Okay, let's get back to the bragging about marbles incident. Consider how such modesty may affect your ability to compete in the NFL and seriously limit your lifetime earning power. When was the last time you saw a name tag that read, “Manager...shhhhh...don't tell anyone.”

 

Then there's the issue of leadership qualities. Have you ever sat before a blank screen and tried to draft your resumé? You know how uncomfortable it makes you to refer to yourself as having good management skills? I mean, you did organize those bathroom supplies methodically once you got the toilets swabbed, right?

 

Or how about when you signed up for that dating site and it asked you to share a bit about yourself. How do you know that special someone might not be justifiably impressed that you were the 4th grade spelling champion? After all, good spelling ability is one of those skills that comes in handy when you write that excuse for your kid's school and helps keep you from being audited.

 

Would you seriously vote for any president who wasn't so full of himself that he couldn't hold his own against an arrogant dictator or two?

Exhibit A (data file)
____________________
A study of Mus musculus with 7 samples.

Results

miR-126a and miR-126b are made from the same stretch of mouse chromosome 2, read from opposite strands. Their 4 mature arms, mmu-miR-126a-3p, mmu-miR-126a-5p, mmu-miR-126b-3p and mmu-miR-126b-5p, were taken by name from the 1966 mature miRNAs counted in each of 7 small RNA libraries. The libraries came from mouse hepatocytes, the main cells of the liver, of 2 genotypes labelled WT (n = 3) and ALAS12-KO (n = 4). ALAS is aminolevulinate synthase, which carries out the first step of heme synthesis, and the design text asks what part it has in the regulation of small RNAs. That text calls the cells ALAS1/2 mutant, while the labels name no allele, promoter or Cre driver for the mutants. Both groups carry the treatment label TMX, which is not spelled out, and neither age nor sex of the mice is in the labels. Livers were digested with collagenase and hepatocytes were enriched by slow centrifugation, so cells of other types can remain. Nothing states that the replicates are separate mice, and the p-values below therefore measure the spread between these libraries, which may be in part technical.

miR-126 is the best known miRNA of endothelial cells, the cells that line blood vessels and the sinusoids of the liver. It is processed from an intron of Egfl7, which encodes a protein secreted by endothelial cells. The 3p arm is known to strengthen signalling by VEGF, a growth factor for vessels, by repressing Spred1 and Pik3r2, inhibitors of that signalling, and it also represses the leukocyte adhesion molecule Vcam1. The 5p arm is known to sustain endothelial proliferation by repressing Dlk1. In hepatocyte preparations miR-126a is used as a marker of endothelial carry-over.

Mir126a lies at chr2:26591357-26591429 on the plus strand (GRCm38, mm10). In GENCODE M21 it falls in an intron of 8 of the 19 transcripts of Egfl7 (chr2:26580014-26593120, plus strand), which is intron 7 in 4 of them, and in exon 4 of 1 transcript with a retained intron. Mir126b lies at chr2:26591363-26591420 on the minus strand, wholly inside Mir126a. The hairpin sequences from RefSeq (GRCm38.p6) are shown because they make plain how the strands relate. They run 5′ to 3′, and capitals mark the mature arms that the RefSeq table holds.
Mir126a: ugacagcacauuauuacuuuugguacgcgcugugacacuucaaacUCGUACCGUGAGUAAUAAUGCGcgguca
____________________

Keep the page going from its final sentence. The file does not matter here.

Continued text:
Okay, now to the minister; this is, after all, the man who professes to know what God is thinking, right? Where's the humility in that?

 

I propose we become outright braggarts. Let's teach our kids to foster self-confidence by posting good grades on the football scoreboard. Encourage creativity by awarding a trophy for the best lie about where they were while skipping school.

 

After all, we could use a few more people in Congress who can add, right? How will we know who to elect if they don't brag a little?

Arrogance is Sadly Under-rated

 

Mothers, ministers and teachers everywhere will tell you that humility is a valuable quality. As a child you were likely raised to accept praise with a quiet “thank you” and told not to brag to your friends when you beat the bully down the block at marbles. What did that get you? I submit that arrogance is a much more productive quality.

 

Let's take that quiet “thank you.” That set you up for a lifetime of trying to please people and blind compliance. You study television commercials that hype their products to cure you of deficiencies such as home cooking, feminine curves and last year's sofa that still looks pretty good but isn't in this year's pumpkin color. You ask your doctor about taking that new medicine that's supposed to give you sleeker toe nails, at the expense of lymphoma and lack of sexual interest. I ask you now; what good are sleek toe nails if you're not wanting sex?